Doyle flying high after beating odds with debut win
Not even legends of the racing game like Tony McCoy or Ruby Walsh have the distinction of bagging a winner on their first racecourse ride, but Emma Doyle achieved that feat to etch her place in history last Friday night at Dundalk.
Guiding "family pet" Northern Surprise (20/1) - trained by her father Tim and owned by her mother Claire - from last to first was all the more remarkable as Doyle had only officially qualified as a jockey from RACE (Racing Academy and Centre of Education) the previous day.
Her name actually didn't appear as an option to ride Northern Surprise when her Dad was confirming riding arrangements last Thursday and it took an 11th-hour phone call - at 11.30 that morning - to the Irish Horseracing Regulatory Board (IHRB) to seal the deal.
The uplifting story of the Tipperary native's victory and subsequent post-race interview - which saw her smiling from ear to ear and quickly went viral - could have been much different, however, as the 19-year-old lay on the turf of their Moyne yard on Thursday morning after "an almighty fall" when schooling.
Doyle was "turned upside down" - she insists she won't be taking out her jumps licence any time soon - but she was back on her feet in a matter of seconds and nothing was going to stop her debut the following day.
Few people had much confidence in Northern Surprise - although her aunts, uncles and granny had a few quid on "just to say that they did" and treated her to dinner with the winnings - but he had been earmarked as "a safe one" for the 10lb apprentice to ride if she earned her stripes.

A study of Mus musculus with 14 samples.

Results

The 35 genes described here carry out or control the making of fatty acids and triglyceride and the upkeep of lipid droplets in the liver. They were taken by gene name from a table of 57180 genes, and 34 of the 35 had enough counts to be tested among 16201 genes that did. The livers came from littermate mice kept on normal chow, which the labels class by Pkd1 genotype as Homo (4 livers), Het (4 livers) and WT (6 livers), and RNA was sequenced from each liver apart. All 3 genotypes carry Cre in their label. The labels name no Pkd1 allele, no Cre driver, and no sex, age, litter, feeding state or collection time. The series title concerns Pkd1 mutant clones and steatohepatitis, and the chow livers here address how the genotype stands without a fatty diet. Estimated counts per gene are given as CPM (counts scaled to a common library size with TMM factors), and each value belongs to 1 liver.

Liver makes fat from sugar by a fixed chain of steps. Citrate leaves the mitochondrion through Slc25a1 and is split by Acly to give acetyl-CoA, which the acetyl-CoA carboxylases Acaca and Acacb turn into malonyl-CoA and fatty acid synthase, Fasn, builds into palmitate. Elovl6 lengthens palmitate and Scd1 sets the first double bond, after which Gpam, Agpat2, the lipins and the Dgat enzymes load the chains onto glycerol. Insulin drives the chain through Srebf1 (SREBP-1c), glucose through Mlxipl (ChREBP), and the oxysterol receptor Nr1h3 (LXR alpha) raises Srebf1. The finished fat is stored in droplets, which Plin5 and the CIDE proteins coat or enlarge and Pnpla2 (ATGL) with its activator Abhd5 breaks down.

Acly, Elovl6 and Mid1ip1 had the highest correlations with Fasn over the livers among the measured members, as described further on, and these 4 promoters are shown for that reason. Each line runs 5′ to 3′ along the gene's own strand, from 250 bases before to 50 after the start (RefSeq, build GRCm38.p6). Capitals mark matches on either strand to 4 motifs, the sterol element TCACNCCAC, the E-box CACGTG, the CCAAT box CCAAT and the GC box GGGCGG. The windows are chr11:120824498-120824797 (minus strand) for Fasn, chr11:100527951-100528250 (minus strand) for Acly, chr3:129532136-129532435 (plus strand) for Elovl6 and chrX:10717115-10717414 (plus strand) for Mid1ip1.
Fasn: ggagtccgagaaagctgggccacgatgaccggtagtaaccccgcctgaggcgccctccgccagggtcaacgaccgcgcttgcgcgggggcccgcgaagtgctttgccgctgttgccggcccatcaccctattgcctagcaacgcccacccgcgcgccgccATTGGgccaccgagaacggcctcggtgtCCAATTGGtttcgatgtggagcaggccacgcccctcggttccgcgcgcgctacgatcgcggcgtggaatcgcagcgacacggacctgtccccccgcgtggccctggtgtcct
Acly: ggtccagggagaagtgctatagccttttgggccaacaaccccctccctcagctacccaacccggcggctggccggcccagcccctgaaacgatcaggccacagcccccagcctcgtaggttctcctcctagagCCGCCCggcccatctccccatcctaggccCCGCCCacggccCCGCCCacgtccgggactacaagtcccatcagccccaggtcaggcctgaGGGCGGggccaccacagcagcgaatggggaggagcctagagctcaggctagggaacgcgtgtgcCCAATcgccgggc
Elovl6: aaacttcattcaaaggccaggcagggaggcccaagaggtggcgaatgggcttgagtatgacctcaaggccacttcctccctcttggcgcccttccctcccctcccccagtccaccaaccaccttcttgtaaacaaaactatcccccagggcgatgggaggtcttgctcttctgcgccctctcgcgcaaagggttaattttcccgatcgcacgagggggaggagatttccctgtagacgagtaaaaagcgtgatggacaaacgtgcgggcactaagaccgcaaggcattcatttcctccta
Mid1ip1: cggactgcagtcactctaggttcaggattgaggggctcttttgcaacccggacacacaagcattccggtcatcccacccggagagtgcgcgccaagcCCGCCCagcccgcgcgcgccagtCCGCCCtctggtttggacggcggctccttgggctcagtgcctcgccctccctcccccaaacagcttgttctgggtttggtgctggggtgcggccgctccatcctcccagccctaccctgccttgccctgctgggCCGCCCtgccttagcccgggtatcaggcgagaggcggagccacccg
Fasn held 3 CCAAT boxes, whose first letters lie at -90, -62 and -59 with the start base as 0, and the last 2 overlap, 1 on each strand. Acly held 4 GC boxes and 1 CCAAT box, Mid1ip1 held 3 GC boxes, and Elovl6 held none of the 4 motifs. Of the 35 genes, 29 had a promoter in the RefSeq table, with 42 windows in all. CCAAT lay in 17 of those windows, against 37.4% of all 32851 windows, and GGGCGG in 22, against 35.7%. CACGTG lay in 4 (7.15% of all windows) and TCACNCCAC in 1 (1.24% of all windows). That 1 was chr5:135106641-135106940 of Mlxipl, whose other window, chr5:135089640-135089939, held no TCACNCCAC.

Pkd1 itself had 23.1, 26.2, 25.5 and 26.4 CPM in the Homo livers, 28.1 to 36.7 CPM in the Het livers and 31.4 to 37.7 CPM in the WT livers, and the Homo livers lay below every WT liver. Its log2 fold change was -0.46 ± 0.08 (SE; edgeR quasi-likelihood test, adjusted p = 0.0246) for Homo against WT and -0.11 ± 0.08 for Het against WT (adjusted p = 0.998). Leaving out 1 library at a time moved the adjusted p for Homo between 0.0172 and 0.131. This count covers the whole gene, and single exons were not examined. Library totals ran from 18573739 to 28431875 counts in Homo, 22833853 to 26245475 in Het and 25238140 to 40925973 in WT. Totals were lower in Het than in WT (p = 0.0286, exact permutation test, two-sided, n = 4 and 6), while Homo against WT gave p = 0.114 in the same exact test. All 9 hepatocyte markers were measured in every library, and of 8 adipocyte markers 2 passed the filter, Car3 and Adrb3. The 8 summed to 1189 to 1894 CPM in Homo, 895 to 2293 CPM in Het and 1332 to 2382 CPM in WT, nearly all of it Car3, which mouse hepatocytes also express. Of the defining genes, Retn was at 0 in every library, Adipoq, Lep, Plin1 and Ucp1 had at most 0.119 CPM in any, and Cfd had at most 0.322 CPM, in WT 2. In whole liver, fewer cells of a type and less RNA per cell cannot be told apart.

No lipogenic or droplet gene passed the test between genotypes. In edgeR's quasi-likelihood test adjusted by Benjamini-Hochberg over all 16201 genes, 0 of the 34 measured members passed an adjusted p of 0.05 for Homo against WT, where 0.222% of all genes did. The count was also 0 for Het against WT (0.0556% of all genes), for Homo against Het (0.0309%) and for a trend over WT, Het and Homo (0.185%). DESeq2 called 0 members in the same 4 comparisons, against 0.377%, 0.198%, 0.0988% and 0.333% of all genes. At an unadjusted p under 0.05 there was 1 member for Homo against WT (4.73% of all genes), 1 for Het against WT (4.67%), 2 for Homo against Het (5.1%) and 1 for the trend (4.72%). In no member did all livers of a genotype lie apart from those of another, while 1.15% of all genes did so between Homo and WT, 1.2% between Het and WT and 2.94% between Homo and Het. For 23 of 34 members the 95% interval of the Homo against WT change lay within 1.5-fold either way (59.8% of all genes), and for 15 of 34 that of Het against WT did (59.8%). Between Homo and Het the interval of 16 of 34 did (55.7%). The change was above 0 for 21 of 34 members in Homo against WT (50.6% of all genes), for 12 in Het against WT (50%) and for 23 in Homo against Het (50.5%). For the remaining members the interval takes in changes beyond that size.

The eight-year-old enjoyed the freedom given to him by his rookie rider to fly down the home straight, ironically catching more-fancied stablemate Spanish Soprano (14/1) and Ross Coakley to score by a neck.
The result really captured the public's imagination with her fledging career as a jockey "only a weekend job" as she is in second year in Maynooth University studying Business and Marketing.
A week after riding her maiden winner, Doyle will be knuckling down to her college exams, although she admits she got a bit sidetracked with her study due to all the celebrations and fanfare around her victory.
Riding winners in Dundalk on a Friday night isn't typical of your average teenager and Doyle laughs at the reaction of her friends who "think it's gas to see me all over the internet when all I can think is that I won a 45-65 handicap around Dundalk".
Turning professional isn't something she has given much thought to yet and she was floored by the response to her win with "a lot more hard-working people that should be getting that type of credit" before her.
"I knew it wouldn't be very realistic to become a full-time jockey with nothing else in mind so I always wanted to have something to fall back on. When I finish college I'd like to use my degree to work in the racing industry, whether that's as a jockey I don't know yet," Doyle says.
"I've Mondays off from college so I ride out back home then and also on Saturdays and whenever I'm here I'm riding out so they get enough work out of me. It's a dream to be a full-time jockey but I won't be dropping out of college... but I look forward to getting another few rides at Dundalk on Friday nights."
Rachael Blackmore, a fellow county woman, "is changing the game" with her drive for the Irish jumps jockeys' championship and Doyle was delighted to have the Killenaule rider showing her the ropes on her debut.
As for her beaming father Tim, it was "one of the best days we've ever had as a family. It would do you good as a parent to see that and any parent would be happy to see their child as happy as that."
That's what racing, and indeed sport, is all about.